Cruise Ships and Excessive Water Pollution

If you thought peeing in the ocean was kind of of gross, imagine the cruise ship industry dumping about 3.8 BILLION tons of raw bodily fluids into the ocean every year, the majority of it untreated. Poop, pee, vomit, feminine hygiene stuff. I'm talking the whole lot here, my friends. The whole nasty lot.

The idea that billions of tons of crap is floating around in the ocean doesn't exactly make me want to take a trip to the beach, or enjoy some wild caught fish that could be sick or contaminated any time soon. Gross factor is not the biggest issue here though. The vacationers waste that is flushed into the ocean by these "luxury floating toilets" directly harm whales, dolphins, other marine life, while destroying the fragile ecosystems within the waters.

But it's water, and the crap gets, you know, watered down right? Ehhhh, not really. Our oceans are wonderful filters in theory. Not only do they have the capability to filter themselves, but they also filter the air. Considering our air pollution, and the fact that we are deforesting the land (trees are another great air filter) it's a good thing we have the oceans to back us up. Different fish, crustaceans, algae, plankton and the salt all work together with other factors to keep everything in tip-top shape. The only problem is all of these human introduced pollutants such as sewage, oil spills (60 million gallons a year), and all of our plastic trash (90% of ocean pollution is plastic) breaking down in the water prohibits the ocean from doing it's job.

We call out of work, school or events when we are sick because we know we won't be the best we can be production-wise, and need to get better. Unfortunately for the oceans, as long as we keep bombarding them with junk, they are denied this important healing time.

EpSos.de / CC BY 2.0
As far as the cruise ship problem, it isn't only sewage. Cruise ship waste includes waste water from showers, sinks, laundries, gray water, gallons of chemicals from photo processing, paint, dry cleaning, ballast water bearing pathogens and invasive species from foreign ports, garbage, solid waste, and of course, air pollution from the ships diesel engine at a level equivalent to thousands of automobiles on the road. One ship dumps this into the ocean every day.

Instead of cleaning up their act, and finding other ways to dispose of waste (or innovating a greener way to make less waste), cruise ship companies are more interested in profits. Being lax with environmental concerns and shrugging off sustainability helps maximize those profits.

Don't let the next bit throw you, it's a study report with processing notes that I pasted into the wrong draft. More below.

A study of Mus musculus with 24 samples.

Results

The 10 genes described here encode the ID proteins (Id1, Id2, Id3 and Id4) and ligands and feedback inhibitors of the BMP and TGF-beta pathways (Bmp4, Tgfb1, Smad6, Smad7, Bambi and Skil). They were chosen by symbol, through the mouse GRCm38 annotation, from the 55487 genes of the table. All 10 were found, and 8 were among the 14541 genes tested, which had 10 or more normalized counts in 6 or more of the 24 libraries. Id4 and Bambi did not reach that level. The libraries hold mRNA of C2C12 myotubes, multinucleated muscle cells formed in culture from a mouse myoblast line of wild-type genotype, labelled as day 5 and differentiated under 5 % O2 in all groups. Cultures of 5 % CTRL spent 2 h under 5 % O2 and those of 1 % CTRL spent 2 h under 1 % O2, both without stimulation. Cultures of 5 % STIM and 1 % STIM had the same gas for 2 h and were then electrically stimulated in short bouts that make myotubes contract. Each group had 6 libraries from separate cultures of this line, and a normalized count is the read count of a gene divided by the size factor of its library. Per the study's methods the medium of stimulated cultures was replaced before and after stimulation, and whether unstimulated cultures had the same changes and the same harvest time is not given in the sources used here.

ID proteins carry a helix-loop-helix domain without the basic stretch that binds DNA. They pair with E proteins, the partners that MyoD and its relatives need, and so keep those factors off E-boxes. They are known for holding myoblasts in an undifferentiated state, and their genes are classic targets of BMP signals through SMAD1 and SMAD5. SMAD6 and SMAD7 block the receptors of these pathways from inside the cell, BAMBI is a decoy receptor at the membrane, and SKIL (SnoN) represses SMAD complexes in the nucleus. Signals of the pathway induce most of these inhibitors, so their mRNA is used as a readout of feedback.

Why are ships allowed to do this? If it is such a pollutant, and pretty gross, shouldn't something like this be illegal? Cruise lines aren't subject to the same waste water regulations that govern municipalities of similar size. Under the Clean Water Act, cities must treat their waste, and limit the pollution they discharge. The discharge is also monitored from sewage treatment facilities. Do cruise ships have to obtain the Clean Water Act discharge permits? Nope. The bit of regulations that are in place are not completely enforced. Pretty much like the "no smoking in public parks" implemented in NYC recently. It is the Parks Department's job to enforce it, NOT the NYPD, and I haven't seen the Parks Department around to give out any tickets.

http://action.foe.org/p/dia/action3/common/public/?action_KEY=16824So with vacation season coming up, what can us mere mortals do to make a difference? As consumers, we vote with our dollars. Naturally, not booking your vacation with a wasteful cruise ship company is one way to go. Check out this Cruise Line Report Card to see which cruise lines are the lousy or the most conscious.

While many readers of this page are green savvy consumers, the average folk looking to take a vacation may not be aware. The SumOfUs Organization has started a fundraiser to bring awareness to the cruise ship pollutant issue to the average vacationer by launching a major ad campaign on travel planning websites. Ad space is surprisingly cost efficient, and even a donation of one dollar will help SumOfUs reach the goal. With advertisements calling out certain companies on their corporate irresponsibility, the goal is that vacationers will turn to more sustainable, and less reckless cruise lines.

In addition to supporting more efficient cruise lines, the advertisements will place enormous pressure on the major polluters to clean up their act, and that is desperately what the oceans (and we!) need. In the bigger picture, this campaign may lead to the strengthening of monitoring, inspection, and improve waste management enforcement and air quality control. Even further still, it could lead to research and development of more sustainable cruise ship designs which aren't invasive to the oceans ecosystems

SumOfUs' goal is to raise 50,000 to launch the major ad campaign. If 50,000 people donated a dollar, they're done! 25,000 donating 2 bucks it not a lot of people, nor a lot of money. Let's make this happen!